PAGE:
Nanoscale thermometry has untold possible uses for biology, from basic research on how heat flows in living systems to controlling gene expression with temperature. Researchers use a number of techniques for biological thermal sensing, including Raman spectroscopy and detection of fluorescing proteins. But all have problems, such as low sensitivity or the inability to make highly localized measurements.
Now, a group led by physics professor Mikhail D. Lukin and chemistry professor Hongkun Park at Harvard University have harnessed a common defect in diamonds to develop an improved approach for nanometer-scale thermometry in biological systems (Nature 2013, DOI: 10.1038/nature12373).
In some diamonds, two adjacent carbons are replaced by a nitrogen and an empty spot called a nitrogen vacancy center. Minuscule temperature changes strain the lattice of such diamonds, which affects the quantum spin properties of the local defect and modifies its fluorescence properties. These changes can then be detected.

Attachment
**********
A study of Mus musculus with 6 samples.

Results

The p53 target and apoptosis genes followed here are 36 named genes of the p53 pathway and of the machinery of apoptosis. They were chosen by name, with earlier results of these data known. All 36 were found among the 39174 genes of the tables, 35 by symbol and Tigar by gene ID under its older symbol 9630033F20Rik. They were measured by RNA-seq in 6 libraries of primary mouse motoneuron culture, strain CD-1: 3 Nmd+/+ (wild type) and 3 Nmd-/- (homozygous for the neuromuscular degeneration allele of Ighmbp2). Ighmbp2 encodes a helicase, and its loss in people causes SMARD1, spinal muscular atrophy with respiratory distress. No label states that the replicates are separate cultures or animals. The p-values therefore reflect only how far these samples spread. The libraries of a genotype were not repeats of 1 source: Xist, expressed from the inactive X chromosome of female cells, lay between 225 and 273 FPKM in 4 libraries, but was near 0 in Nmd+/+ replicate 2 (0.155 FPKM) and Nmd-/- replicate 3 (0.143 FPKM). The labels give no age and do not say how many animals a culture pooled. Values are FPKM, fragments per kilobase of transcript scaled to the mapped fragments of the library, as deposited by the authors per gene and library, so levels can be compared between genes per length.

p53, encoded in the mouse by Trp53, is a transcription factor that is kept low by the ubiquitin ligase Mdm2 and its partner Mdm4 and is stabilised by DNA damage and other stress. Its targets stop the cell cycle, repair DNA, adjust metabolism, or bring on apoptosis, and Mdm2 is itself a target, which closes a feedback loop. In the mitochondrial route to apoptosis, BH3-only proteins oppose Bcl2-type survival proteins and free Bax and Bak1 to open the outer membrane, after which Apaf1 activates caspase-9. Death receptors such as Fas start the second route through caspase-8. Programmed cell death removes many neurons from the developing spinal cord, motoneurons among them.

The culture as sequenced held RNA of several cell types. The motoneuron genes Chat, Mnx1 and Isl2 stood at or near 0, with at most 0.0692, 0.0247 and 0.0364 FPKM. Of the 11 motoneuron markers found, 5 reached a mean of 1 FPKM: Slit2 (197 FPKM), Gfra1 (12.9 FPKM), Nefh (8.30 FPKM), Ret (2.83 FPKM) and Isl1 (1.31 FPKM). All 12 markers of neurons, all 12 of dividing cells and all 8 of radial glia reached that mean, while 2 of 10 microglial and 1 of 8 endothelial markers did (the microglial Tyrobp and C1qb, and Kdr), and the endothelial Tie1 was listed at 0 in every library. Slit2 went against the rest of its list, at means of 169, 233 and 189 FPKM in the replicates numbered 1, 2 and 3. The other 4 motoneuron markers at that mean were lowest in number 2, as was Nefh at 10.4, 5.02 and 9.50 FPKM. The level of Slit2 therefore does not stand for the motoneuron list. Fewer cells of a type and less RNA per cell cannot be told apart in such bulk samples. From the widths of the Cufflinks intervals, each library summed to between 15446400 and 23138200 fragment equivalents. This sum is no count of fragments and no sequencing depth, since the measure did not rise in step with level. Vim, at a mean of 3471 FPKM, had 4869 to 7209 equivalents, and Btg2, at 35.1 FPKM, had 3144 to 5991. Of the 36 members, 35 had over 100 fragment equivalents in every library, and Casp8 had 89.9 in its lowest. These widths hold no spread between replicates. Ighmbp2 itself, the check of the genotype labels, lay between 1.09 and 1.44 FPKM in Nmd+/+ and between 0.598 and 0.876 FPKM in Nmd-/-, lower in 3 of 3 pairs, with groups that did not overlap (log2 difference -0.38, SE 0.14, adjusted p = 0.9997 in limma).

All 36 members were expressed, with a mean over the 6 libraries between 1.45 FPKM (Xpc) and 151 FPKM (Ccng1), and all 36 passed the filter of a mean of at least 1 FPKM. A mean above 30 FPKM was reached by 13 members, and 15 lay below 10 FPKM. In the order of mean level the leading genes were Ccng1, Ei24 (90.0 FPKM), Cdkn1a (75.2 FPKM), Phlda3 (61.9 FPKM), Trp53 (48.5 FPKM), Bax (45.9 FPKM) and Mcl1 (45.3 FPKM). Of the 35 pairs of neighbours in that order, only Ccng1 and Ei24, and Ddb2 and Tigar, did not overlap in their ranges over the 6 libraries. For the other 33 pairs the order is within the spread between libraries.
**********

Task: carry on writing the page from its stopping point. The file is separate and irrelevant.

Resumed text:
The group used microwave pulses to manipulate a diamond-lattice defect’s spin states, and from resulting changes in fluorescence, researchers determined corresponding temperature variations. The method, they found, is capable of detecting temperature changes as small as 1.8 mK in areas as small as 200 nm across.
The team then tested the thermometer in a living human cell, an embryonic fibroblast. They inserted nanodiamonds and gold nanoparticles into the cell. Laser light heated the gold nanoparticles, and the group monitored temperature gradients throughout the cell by observing changes in the nanodiamonds’ fluorescence.
“I like this technique very much,” says Xinwei Wang, a mechanical engineering professor at Iowa State University, noting that in addition to being very sensitive, the technique’s spatial resolution is comparable or superior to that of widely used Raman techniques.
“This kind of sensitivity is extremely important when diagnosing thermal responses and studying chemical reactions in biosystems at the cellular level,” Wang says.
Konstantin V. Sokolov, a physics professor at the University of Texas, Houston, calls the work “a precious solution” to the problem of measuring temperatures in biological systems on the nanometer scale.
With improvement, the team says the technique may make it possible to observe real-time biological activity with subcell resolution.